When an offense takes place, there are always two people involved: the offensive and the offender. The offender could either be purposefully offensive (which would be considered disrespect) or accidentally offensive (which would be considered ignorance); the receiver of any given remark can either take offense at it or not. With two different parties that might react in two different ways, that leaves four different permutations of offense.
If you are on the giving end of the remark, although you may try not to be offensive there is still a 50/50 chance of being offensive through no fault other than ignorance at what might offend the person to whom you are speaking. As the speaker, you can never guarantee that a remark (or action) you make will not be interpreted by someone as offensive. You can do your best to be respectful, but that’s about all you can do.If you are on the receiving end of the remark, it’s much easier to control. The choice is yours whether or not to be offended, and either choice is easy.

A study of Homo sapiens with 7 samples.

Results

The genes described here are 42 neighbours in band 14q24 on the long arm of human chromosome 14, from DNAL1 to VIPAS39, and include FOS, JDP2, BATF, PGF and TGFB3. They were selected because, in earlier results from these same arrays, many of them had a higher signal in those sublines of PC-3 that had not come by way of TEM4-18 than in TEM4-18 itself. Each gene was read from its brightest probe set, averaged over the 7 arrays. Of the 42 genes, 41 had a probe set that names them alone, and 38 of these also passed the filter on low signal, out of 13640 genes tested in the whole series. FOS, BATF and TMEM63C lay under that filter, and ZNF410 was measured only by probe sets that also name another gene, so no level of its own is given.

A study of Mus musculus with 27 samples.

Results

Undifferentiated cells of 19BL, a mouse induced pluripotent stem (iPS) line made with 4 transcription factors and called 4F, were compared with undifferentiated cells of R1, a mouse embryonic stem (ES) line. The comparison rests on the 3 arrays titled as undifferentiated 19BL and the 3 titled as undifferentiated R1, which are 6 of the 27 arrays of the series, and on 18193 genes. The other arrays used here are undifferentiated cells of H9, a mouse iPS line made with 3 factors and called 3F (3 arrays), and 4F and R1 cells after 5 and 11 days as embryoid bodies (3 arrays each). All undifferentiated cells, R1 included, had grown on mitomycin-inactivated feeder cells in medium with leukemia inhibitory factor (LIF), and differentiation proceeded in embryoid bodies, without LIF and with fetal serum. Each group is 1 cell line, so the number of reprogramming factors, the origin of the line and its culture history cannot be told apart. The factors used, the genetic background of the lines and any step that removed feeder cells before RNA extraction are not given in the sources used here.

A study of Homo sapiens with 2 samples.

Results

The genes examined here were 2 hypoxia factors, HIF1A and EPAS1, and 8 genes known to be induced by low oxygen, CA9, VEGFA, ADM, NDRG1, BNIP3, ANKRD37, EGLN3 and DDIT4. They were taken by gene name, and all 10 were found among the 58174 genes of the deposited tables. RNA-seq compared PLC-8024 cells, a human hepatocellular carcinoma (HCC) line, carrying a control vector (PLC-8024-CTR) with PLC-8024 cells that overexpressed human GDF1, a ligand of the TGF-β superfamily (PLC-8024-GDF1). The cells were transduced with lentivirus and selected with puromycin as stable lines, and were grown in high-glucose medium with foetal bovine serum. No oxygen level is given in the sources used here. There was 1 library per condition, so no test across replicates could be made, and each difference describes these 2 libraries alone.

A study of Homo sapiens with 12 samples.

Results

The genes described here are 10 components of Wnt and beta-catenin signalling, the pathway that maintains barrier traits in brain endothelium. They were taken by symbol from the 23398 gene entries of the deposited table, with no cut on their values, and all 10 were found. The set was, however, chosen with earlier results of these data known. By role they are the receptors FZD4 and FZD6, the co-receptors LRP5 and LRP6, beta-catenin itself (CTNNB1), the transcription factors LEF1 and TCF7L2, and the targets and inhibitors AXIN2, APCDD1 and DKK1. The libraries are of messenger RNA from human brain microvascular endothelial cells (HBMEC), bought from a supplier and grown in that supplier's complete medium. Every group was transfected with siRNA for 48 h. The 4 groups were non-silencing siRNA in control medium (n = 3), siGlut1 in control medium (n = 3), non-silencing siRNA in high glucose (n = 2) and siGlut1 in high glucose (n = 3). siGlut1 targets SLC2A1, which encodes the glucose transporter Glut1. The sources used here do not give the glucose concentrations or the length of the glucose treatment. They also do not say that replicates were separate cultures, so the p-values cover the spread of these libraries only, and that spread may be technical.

I was taught a lesson recently by my mother-in-law. She, along with my father-in-law, has been seeing a lot of my improv shows. For my newer readers I married into the Mennonites, a very conservative religion, and my improv team is very blue shows, as in we can’t seem to keep our minds out of the gutter. We climaxed last Halloween when we did a sketch about trick-or-treaters dressed up as aborted fetuses. In context it got a lot of laughs. As George Carlin says anything can be funny given the right context, but as we know anything can also be offensive in any context. It’s the type of comedy that leaves you feeling slightly dirty even in the best of context, so I couldn’t help to ask my mother-in-law if she was offended. Her response was, “No…it takes too much energy to be offended at things like that.”
Being offended is literally a choice. You can choose to take offense or leave it.
There are certainly things in this world that are worth being offended by, but by and large I think I’ll follow my mother-in-law’s advice and let the insignificant stuff be.